This is a research paper on complicated grief reaction. The first page contains the introduction of the research paper, definition of grief and the differences between normal or uncomplicated grief and complicated grief. The second page mainly covers the phases of the grieving process namely: shock, processing the loss and resolution. These phases of the grieving process are important in improving the understanding of the normal grief.
The third page outlines the warning signs of complicated grief reaction and the four major categories of complicated grief reaction: chronic or prolonged, delayed, exaggerated and masked reactions. The fourth page contains the four proposed diagnostic criteria for prolonged or complicated grief to be included in the next revision of Diagnostic and Statistical Manual for Mental Disorders. The last page covers the treatment procedures for persons experiencing complicated grief reaction namely: grief counseling, grief therapy, social support networks and medications. Then there is a conclusion of the research paper.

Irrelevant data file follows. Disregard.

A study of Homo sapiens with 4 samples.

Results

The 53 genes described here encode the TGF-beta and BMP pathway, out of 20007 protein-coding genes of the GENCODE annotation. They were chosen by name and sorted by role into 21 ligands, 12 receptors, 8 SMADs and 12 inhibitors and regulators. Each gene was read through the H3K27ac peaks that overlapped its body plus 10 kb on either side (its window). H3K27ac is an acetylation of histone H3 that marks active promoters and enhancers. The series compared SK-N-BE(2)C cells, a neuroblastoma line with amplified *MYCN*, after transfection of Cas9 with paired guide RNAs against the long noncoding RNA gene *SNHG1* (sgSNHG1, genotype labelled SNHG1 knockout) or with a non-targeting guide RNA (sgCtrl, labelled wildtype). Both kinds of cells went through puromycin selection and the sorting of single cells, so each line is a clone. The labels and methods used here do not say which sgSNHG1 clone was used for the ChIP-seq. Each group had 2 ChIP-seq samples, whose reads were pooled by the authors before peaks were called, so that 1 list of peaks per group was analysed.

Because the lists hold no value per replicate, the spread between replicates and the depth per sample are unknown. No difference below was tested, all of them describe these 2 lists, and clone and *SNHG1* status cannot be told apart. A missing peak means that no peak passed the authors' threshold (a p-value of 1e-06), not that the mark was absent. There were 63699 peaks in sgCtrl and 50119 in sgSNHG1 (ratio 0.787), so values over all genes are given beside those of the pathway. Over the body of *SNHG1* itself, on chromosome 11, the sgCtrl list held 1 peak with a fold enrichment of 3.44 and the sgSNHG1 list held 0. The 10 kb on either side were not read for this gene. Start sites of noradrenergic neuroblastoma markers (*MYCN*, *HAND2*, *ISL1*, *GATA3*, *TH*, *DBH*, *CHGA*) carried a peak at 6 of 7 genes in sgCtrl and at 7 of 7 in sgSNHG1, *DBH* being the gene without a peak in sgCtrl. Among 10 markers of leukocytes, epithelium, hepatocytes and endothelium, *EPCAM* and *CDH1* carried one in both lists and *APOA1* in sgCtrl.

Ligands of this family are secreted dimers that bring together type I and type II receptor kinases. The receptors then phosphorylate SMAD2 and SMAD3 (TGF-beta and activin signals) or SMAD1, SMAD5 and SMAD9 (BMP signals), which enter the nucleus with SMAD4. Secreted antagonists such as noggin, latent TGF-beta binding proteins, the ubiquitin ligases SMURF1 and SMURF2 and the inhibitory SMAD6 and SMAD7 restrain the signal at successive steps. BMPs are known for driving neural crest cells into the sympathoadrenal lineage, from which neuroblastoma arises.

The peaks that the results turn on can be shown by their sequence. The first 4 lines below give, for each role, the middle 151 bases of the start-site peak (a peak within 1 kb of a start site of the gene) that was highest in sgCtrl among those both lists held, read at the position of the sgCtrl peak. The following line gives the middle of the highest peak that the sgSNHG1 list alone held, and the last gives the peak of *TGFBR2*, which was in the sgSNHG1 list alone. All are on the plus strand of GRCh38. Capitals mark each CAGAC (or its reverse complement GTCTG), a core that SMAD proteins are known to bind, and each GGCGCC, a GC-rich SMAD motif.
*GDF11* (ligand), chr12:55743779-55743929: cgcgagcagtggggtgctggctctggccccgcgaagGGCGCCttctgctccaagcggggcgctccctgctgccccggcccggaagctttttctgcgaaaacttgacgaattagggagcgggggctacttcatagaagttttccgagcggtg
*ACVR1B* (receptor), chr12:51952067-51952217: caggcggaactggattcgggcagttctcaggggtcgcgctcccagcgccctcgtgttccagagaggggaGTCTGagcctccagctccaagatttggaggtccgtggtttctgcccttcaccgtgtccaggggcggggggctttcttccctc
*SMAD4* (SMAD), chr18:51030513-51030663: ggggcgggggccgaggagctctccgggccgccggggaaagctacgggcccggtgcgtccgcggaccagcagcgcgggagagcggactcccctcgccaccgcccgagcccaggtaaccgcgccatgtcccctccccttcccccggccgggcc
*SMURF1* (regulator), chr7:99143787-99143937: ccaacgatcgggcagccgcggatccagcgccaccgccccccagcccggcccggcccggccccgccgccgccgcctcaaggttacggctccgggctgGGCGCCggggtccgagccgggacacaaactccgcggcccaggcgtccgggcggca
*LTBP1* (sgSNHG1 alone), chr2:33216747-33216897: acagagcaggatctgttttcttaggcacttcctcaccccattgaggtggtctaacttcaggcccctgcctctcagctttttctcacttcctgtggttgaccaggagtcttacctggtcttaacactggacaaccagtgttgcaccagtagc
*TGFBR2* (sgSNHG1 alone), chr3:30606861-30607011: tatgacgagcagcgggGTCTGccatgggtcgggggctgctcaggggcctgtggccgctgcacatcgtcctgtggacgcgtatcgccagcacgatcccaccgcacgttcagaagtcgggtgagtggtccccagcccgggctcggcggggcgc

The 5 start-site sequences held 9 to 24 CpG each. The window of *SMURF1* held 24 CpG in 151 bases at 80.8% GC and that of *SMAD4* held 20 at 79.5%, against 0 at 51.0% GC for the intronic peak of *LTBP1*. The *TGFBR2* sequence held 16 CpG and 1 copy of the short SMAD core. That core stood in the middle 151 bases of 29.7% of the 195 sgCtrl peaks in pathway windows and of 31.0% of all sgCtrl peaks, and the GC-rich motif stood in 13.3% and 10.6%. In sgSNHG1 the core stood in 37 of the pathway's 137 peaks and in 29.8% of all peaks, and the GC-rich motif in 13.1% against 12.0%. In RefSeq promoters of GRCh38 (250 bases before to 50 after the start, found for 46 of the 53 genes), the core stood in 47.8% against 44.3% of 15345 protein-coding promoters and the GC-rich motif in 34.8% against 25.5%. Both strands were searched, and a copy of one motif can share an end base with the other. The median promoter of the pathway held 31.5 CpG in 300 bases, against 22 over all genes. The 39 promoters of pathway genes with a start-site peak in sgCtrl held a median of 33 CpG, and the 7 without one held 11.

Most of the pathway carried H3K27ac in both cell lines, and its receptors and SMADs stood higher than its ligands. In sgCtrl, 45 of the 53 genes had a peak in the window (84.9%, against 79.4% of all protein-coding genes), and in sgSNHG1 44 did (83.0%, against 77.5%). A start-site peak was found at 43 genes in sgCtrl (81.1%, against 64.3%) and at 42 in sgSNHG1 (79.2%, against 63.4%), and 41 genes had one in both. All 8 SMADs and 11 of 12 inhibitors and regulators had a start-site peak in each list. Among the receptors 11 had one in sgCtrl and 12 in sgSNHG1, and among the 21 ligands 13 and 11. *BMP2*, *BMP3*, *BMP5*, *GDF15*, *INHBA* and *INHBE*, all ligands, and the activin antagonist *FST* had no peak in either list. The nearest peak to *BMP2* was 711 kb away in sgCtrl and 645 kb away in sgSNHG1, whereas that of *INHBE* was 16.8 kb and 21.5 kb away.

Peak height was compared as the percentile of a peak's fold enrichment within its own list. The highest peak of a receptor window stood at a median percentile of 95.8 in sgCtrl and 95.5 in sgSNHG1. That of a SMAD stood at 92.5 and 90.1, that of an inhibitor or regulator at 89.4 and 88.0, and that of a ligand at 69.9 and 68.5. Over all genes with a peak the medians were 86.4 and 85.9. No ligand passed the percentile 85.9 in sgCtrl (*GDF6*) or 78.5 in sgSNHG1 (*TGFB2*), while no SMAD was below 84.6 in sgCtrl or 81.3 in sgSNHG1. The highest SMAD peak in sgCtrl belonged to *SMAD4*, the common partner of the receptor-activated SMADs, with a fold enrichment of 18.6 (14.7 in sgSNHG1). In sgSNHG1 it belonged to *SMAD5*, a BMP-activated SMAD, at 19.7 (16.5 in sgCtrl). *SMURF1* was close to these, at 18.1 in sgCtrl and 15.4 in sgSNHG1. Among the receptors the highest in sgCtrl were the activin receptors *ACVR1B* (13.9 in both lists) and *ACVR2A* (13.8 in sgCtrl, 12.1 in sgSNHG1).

Complicated grief reaction
Grieving is common since death is inescapable and the deceased are irreplaceable. People mourn the death of their loved ones in different ways and over different durations of time usually defined by the cultural environment in which one finds himself or herself. So grieving is natural and healthy usually meant to help people accept the loss of their loved ones and consequently re-organize their lives to move on. The emotions and feelings of grief are hard to deal with especially when the social support networks are lacking or the death of a loved one was traumatic/sudden.
Research has been done to differentiate normal grief from complicated or abnormal grief. Grief can be primarily defined as the emotional or the affective process of responding to the loss of a loved through death. Corr & Corr (2009) has thus defined normal or uncomplicated grief as the ordinary, healthy, appropriate reaction to a loss of a loved one. Some of the manifestations of normal grief are shock, denial, numbness, mourning and eventual recovery. Baron & Sholevar (2008) states that complicated, unresolved or prolonged grief occurs when the responses are absent, excessive, distorted or unending. Thus the major differences between normal and complicated grief are based on the intensity and the durations of time that the bereaved takes to grieve.